What is an eating disorder?
Avoidant/restrictive food intake disorder
Disclaimer: Although we believe in the power of professional help, you are responsible for selecting the provider or treatment. PXU cannot accept responsibility for any of the services provided by these or any other providers.
Eating Disorder Hotline Listings
Mindful eating is a simple-to-learn life skill which can lead people to enjoy a satisfying, healthy and enjoyable relationship with food. It is a skill that can help people break free from ‘food rules’ and begin to enjoy healthy, flexible and relaxed eating practices. Mindful eating is not a diet. Mindful eating is about the way we eat, not what we eat.
Being mindful is about focusing your attention and awareness on the present moment to help disconnect from habitual, unsatisfying and harmful habits and behaviors. Mindful eating, put simply, is the opposite of mindless eating. The mindful eating approach employs strategies which can help change the way we respond to food, both physically and emotionally. Adopting a mindful eating mentality involves: Being aware of the positive and nurturing opportunities of food preparation and consumption Choosing to eat food that is both pleasing and nourishing to the body by using your senses to explore, savor and taste Acknowledging responses to food without judgement Being aware of physical hunger and satiety cues to guide decisions to start and stop eating Identifying personal triggers for mindless eating whether they are emotions, social pressures or certain foods.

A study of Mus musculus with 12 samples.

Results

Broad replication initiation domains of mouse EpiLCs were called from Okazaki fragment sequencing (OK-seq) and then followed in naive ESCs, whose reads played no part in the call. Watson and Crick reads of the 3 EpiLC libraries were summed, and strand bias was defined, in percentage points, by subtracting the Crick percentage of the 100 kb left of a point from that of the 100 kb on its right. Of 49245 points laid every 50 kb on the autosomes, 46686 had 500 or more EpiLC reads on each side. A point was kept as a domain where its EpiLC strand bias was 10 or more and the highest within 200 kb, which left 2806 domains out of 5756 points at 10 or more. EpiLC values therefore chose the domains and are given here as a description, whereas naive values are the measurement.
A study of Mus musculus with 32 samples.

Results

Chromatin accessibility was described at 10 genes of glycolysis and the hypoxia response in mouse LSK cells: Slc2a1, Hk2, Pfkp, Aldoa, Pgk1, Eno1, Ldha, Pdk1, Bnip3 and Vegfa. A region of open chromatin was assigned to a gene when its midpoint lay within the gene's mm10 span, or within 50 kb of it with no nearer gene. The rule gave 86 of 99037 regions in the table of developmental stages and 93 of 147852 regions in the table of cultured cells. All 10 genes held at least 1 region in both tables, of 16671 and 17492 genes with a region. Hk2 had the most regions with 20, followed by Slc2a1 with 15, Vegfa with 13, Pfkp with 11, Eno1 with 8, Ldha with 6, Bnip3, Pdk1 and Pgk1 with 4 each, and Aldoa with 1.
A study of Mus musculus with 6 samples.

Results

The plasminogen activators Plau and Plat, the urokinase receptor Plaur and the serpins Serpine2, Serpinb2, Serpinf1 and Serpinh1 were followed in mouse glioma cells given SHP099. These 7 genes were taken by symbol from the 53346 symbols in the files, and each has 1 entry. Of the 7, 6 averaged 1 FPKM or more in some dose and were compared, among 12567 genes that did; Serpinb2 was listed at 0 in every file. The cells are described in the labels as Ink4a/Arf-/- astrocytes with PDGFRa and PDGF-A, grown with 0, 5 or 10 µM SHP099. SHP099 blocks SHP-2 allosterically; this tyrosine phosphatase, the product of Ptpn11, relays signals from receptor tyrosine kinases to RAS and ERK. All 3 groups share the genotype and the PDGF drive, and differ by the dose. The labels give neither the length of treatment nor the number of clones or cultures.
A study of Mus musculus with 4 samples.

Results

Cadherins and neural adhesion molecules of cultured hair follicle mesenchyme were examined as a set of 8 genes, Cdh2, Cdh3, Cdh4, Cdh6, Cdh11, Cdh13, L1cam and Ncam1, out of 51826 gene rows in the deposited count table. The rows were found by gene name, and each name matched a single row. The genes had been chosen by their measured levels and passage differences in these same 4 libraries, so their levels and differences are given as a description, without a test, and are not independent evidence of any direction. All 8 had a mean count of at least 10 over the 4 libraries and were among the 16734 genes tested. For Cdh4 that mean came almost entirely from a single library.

Research shows that mindful eating may help people control binge eating and overeating, enjoy food and feel more in touch with the body’s internal hunger and satiety signals. A lot of us may not be aware of the reasons we engage in mindless eating. Some common contributors can be: Not recognizing the difference between hungry and non-hungry eating; Not stopping to listen to what your body signals are telling you; Confusing hunger and thirst Allowing yourself to get too hungry and/or eating too fast Eating an amount that should make you feel full, but not feeling satisfied Eating in case you get hungry at a later stage Eating in response to emotions Eating to allay a state of mind such as boredom or tiredness. The mindful eating approach employs strategies which encourage awareness of the senses while eating to bring you into the present moment. These strategies include: keeping a mindful journal, slowing down while eating, focusing on eating (not watching television or reading), and mindful food shopping and preparation. Mindless eating is common because from a very early age we are trained to eat in response to external cues (time of day, availability of certain foods, for comfort, to alleviate boredom, out of habit, to clear our plate, as a reward) rather than in response to hunger.
You might also like to try journaling, which is a mindfulness based practice. You should use a method or technique of journaling that suits you and is sustainable over a long period of time. Some people like to carry a notebook or journal around with them; some people keep a journal to write in before they go to bed. Others keep a food diary or notes on their computer. It doesn’t really matter what you write, it can be a list of foods you ate, a poem, a description of your feelings or a drawing. Yoga, meditation and walking meditation are also mindfulness based activities you might like to try.